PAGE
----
Friday, April 29, 2022
With the S&P 500 Index in correction territory (down more than 10% from the previous peak) while the market faces a number of big threats, including inflation, a hawkish Federal Reserve, soaring yields, and war in Eastern Europe, investor anxiety levels are understandably elevated. During volatile markets, it’s difficult to focus on anything beyond the short term, but at times like this studying market history for reminders of the benefits of long-term investing can be helpful for investors
“Individual investors have the benefit of time on their side,” wrote LPL Financial Equity Strategist Jeffrey Buchbinder. “History shows that patience is rewarded during volatile periods in the market. This looks like one of those times.”
Below are 6 charts we think may help investors stay focused on the long term.
First, simply put, stocks have gone up over time as shown in the chart below. Based on this 122-year data series of the Dow Jones Industrials, stocks have gained 9.5% annualized including dividends. That’s a pretty good long-term track record.
So what has driven those big gains for stocks all those years? Earnings, plain and simple. While we don’t have 122 years of earnings data for the Dow, we do have 70 years of S&P 500 earnings per share data, shown in the chart below. Earnings have grown at an annualized pace of 7.5% over this time period, consistent with long-term stock price appreciation (excluding dividends).
The next chart shows how punitive it can be to be out of the market on its best days. Though the S&P 500 Index is unmanaged and can’t be owned directly, it’s clear that owning stocks for the long run has been very rewarding and moving in and out and potentially missing out on gains can be costly. Stocks experienced some significant downdrafts during the 31-year period shown in the chart (2000-2002 and 2008-2009 to be specific) and yet the S&P 500 Index still rose an average of 9.9% per year during that time.
The next chart shows the probability of S&P 500 Index gains over various rolling time periods since 1950. Based on monthly data, the index was higher in more than 80% of all rolling 3-year and 5-year periods. Going out further, 92% of all 10-year rolling periods saw the S&P 500 move higher, while the S&P 500 was higher 100% of the time for all rolling 15-year periods. In other words, those with a greater than a 10-year investing time horizon have an excellent chance to achieve positive returns.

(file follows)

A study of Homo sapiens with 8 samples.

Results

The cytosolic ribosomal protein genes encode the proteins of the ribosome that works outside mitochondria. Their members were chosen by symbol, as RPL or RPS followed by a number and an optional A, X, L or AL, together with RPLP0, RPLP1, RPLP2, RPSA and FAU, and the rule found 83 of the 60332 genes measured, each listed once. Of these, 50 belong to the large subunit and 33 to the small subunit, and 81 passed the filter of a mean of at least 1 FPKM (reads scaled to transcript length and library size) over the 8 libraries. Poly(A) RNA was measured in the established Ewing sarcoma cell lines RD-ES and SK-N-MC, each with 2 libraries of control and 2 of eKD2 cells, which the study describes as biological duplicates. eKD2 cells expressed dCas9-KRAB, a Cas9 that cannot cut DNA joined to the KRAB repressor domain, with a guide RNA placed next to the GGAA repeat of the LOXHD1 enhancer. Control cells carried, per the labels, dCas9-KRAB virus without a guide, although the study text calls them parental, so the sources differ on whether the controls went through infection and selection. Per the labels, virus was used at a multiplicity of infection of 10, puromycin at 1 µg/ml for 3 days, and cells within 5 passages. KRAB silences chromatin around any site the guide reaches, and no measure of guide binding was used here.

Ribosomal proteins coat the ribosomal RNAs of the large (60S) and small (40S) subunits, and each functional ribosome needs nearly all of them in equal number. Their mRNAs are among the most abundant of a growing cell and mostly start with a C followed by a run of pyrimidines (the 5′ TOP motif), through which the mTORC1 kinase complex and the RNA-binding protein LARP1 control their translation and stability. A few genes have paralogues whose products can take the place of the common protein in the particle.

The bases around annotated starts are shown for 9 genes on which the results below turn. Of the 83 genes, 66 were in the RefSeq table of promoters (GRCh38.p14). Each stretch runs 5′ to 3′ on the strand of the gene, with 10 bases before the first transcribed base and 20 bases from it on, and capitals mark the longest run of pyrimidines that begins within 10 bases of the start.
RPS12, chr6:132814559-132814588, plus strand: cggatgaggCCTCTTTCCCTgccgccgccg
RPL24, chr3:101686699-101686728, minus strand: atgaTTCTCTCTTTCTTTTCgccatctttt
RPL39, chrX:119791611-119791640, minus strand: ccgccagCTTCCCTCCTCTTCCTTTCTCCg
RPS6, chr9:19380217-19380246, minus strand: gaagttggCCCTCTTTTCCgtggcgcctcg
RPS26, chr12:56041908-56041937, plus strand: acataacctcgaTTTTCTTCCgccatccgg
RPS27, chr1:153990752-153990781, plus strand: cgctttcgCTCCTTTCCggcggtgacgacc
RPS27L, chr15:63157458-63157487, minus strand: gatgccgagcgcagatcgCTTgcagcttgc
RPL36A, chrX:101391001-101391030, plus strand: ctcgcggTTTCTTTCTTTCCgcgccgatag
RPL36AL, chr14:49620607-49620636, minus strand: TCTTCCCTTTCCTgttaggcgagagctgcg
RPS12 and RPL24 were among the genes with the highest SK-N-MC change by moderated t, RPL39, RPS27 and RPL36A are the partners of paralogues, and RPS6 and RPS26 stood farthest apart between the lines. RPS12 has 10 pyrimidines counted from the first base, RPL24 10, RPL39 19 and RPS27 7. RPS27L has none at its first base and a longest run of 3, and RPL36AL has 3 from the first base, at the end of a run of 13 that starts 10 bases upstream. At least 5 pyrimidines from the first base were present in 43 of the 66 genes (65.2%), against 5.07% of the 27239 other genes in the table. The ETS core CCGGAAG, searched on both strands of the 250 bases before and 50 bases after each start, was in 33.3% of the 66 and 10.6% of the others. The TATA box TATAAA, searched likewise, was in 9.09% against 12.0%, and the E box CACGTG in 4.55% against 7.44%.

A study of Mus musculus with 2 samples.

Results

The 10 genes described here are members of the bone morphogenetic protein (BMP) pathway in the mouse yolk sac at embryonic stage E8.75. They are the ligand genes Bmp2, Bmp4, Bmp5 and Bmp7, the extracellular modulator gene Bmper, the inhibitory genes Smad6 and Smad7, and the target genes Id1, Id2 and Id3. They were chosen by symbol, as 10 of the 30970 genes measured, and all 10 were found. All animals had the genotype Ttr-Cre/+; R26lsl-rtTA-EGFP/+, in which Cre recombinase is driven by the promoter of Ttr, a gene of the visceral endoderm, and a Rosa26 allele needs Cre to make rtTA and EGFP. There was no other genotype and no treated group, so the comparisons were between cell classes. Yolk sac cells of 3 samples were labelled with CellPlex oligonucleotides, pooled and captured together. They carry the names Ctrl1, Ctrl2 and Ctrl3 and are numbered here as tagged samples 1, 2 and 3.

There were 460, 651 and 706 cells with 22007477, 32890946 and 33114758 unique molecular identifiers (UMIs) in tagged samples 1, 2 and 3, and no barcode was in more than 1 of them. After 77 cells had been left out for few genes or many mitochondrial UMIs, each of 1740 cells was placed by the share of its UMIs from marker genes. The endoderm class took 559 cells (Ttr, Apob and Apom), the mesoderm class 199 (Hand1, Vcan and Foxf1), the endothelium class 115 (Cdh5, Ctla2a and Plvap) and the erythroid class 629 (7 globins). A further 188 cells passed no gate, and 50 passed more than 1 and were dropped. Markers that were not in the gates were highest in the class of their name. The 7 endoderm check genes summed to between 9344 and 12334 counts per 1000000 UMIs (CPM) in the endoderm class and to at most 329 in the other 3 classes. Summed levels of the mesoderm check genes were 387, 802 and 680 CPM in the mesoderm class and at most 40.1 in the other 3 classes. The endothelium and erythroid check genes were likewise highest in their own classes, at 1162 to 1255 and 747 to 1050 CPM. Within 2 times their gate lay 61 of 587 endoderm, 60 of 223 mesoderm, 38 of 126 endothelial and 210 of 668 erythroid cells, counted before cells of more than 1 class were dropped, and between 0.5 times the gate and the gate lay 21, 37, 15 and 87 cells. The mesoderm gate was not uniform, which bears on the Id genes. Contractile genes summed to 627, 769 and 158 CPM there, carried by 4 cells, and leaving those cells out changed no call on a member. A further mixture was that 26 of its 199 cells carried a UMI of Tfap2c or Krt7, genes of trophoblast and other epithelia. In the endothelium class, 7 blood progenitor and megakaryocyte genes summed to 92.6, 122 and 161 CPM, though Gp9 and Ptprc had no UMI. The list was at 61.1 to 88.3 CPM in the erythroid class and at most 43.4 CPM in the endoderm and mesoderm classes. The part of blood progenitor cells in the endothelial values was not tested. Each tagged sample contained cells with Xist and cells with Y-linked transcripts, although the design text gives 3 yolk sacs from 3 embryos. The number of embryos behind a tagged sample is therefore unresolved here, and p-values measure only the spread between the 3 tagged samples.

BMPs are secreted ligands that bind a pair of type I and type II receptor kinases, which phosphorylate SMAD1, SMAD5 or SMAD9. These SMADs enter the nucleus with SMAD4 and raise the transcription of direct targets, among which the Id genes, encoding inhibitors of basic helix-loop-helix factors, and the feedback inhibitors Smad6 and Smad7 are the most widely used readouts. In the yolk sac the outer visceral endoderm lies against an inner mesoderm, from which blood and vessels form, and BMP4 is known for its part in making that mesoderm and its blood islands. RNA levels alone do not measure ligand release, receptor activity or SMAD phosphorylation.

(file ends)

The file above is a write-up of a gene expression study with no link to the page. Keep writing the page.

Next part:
It’s also important for investors to remember that when stocks fall, they usually become cheaper relative to earnings. LPL Research certainly believes this is relevant today given the solid earnings trends still in place (despite several high profile disappointments among mega-cap tech and internet stocks this quarter).
The next chart illustrates the relationship between stock valuations—measured by the S&P 500 price-to-earnings ratio (P/E)—and future stock performance. Specifically, the chart shows the future 10-year returns an investor might expect based on the valuation levels at a given point in time. If this relationship holds going forward, then buying stocks at a 19 P/E today positions investors for better long-term returns—perhaps 5-6% annually—than the 24 P/E observed at the start of the year. Note that the P/E scale on the chart’s right axis is inverted, so a rising line reflects lower valuations.
Earlier this week LPL Financial Chief Market Strategist Ryan Detrick published a chart (shown here) showing the average maximum peak-to-trough decline in a given year has been 14%. Put another way, as shown in the chart below, on average the S&P 500 has experienced one 10% or greater correction per year. The takeaway here is that the volatility experienced this year, with the S&P 500 falling 13% from January 3 through March 8, is actually quite normal.
So there you have it. Six charts to help put the latest bout of volatility in perspective and remind us of the benefits of long-term investing. Bottom line, be patient, stick to your plan, and if you have a long-term time horizon with a relatively conservative asset allocation, this might not be a bad time to consider adding some equities.